Procrastination

Our+beloved+colleague%2C+Thomas+Apel%2C+putting+forth+A%2B+effort+as+usual.
Our beloved colleague, Thomas Apel, putting forth A+ effort as usual.

Our beloved colleague, Thomas Apel, putting forth A+ effort as usual.

Our beloved colleague, Thomas Apel, putting forth A+ effort as usual.

Kate Compton, Writer

Procrastination is the tendency for the brain to place a higher value on an immediate reward (ex. doing something more fun now) than on the  more important task and its future reward.  It has been shown that procrastinators prefer immediate gratification rather than viewing the gratification to exerting effort for long-term payoff.
Procrastinating isn’t a genetic disease, such as diabetes, but it is a self inflicted personality defect, that is essentially a struggle in our own self control. Procrastination often ends up as a downward spiral of negative emotions that work to deter our future performance. According to the University of Chicago, approximately 20% of people are considered “chronic” procrastinators. A Case Western Reserve University study found that college-age procrastinators end up with higher stress levels, more illnesses and lower grades in the long run. 
People who procrastinate usually do so to avoid tackling certain things and the feeling that goes along with them. It usually occurs when individuals fear, dread or have anxiety about a certain task that is awaiting them. To avoid this negative feeling, people procrastinate and perform other activities instead of the task at hand, such as sleeping, shopping, etc. This makes the individuals feel better, at least momentarily.
Unfortunately, when reality sets in, the negative emotions comes back to bite them, and the scenario then bring back twice the amount of guilt, shame and anxiety. For the extreme procrastinator those new negative feelings are now, once again, the reason to put the job off for another time.  Thus, procrastination turns into a vicious cycle.
There are some ways one can avoid this self-defeating behavior in high school. Staying organized is beneficial, as it gets rid of the other distractions that may be awaiting. Giving yourself incentives works.  For example, if you want to hang out with your friends on Friday, but your paper is due that same Friday, completing it before Thursday in order to have a good time with your friends this gives you good incentive to finish the task early.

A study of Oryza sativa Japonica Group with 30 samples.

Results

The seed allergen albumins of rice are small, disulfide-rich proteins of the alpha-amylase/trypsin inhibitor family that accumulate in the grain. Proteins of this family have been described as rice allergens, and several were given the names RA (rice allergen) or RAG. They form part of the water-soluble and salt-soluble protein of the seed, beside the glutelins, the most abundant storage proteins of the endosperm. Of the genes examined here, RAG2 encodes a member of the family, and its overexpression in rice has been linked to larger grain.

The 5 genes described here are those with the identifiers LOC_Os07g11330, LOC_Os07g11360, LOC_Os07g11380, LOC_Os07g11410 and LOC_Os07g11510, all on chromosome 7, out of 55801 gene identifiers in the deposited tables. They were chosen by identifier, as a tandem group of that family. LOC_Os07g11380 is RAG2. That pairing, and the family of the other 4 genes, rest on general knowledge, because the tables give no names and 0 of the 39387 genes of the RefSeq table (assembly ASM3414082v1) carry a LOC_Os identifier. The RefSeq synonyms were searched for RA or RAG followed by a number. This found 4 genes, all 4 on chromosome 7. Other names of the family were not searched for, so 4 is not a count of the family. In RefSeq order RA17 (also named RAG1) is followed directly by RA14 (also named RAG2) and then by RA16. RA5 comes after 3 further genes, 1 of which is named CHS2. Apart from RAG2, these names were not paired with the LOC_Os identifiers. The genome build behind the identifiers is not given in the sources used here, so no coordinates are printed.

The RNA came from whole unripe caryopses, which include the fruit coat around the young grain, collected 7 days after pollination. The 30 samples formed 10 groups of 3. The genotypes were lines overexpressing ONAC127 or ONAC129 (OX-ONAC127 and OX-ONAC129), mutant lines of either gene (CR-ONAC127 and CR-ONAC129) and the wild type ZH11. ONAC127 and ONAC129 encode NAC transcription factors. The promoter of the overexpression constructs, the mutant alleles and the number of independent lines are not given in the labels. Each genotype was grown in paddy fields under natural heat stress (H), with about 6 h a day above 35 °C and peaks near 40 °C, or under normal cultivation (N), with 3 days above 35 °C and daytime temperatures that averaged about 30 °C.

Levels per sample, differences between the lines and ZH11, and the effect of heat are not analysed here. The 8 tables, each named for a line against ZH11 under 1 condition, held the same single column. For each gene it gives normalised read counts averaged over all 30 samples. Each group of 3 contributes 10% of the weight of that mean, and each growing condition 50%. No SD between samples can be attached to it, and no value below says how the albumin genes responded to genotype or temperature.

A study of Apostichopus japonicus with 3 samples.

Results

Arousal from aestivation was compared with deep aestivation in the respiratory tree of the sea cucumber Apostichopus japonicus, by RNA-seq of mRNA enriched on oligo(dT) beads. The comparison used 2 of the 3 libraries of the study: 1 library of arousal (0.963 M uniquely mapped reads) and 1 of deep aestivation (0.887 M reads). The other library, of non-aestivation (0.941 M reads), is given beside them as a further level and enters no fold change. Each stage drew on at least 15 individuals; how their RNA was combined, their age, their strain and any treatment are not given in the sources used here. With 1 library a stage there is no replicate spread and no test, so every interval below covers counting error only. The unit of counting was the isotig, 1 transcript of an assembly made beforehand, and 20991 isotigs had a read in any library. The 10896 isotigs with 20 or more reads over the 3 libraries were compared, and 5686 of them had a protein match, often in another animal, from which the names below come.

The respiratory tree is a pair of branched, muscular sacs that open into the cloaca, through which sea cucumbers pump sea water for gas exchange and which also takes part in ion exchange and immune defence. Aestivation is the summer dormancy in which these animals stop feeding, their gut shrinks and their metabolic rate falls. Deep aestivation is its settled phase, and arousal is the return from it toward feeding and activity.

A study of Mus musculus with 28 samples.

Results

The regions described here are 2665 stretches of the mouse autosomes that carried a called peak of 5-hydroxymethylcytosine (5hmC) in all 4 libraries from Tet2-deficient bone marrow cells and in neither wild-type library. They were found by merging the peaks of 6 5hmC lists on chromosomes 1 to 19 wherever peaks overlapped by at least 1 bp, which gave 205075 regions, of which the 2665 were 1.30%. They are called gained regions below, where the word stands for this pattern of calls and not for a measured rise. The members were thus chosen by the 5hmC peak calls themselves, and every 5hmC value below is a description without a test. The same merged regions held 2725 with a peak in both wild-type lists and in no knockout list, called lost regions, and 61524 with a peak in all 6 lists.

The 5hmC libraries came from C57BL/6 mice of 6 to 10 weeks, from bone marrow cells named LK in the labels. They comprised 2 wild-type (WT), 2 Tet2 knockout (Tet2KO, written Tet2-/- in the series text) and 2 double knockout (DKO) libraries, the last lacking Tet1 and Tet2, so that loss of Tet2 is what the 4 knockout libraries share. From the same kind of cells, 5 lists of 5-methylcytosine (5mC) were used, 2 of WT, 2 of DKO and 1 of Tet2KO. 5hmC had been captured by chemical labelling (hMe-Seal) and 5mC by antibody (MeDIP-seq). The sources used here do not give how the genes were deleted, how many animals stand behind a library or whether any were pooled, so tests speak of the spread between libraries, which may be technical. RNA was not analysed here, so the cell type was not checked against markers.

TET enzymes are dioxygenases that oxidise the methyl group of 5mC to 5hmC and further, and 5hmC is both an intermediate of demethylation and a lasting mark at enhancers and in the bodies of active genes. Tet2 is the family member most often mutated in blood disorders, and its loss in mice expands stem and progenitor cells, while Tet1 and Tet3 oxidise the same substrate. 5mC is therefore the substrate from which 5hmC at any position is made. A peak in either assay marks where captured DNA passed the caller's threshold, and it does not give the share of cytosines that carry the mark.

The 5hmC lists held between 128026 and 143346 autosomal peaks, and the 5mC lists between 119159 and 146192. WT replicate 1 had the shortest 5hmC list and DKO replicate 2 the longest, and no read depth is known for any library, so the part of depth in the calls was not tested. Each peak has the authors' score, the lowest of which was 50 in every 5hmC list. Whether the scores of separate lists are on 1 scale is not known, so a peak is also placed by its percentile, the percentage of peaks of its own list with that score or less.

Ask yourself the question: “What’s the worst thing that can happen by doing this task?’’ Then ask yourself: “How great will it feel once I accomplish this task instead of postponing it?’’
Another easy way one can stop procrastinating is to break up the main task into small little tasks or steps. While the task may be huge and require a large amount of work or research, by breaking this large task into little tasks, makes the overall picture less overwhelming. This helps you to focus on one part of the task at a time, and will make the overall task easier and more enjoyable.
Changing the environment can help procrastinators. If you are doing homework on your bed, for example, it may lead you away from the homework task and you may want to sleep instead of doing that homework. You may want to look at your workspace. Avoiding your bedroom as a study space is a huge factor in helping teenagers avoid procrastination when it comes to doing their homework.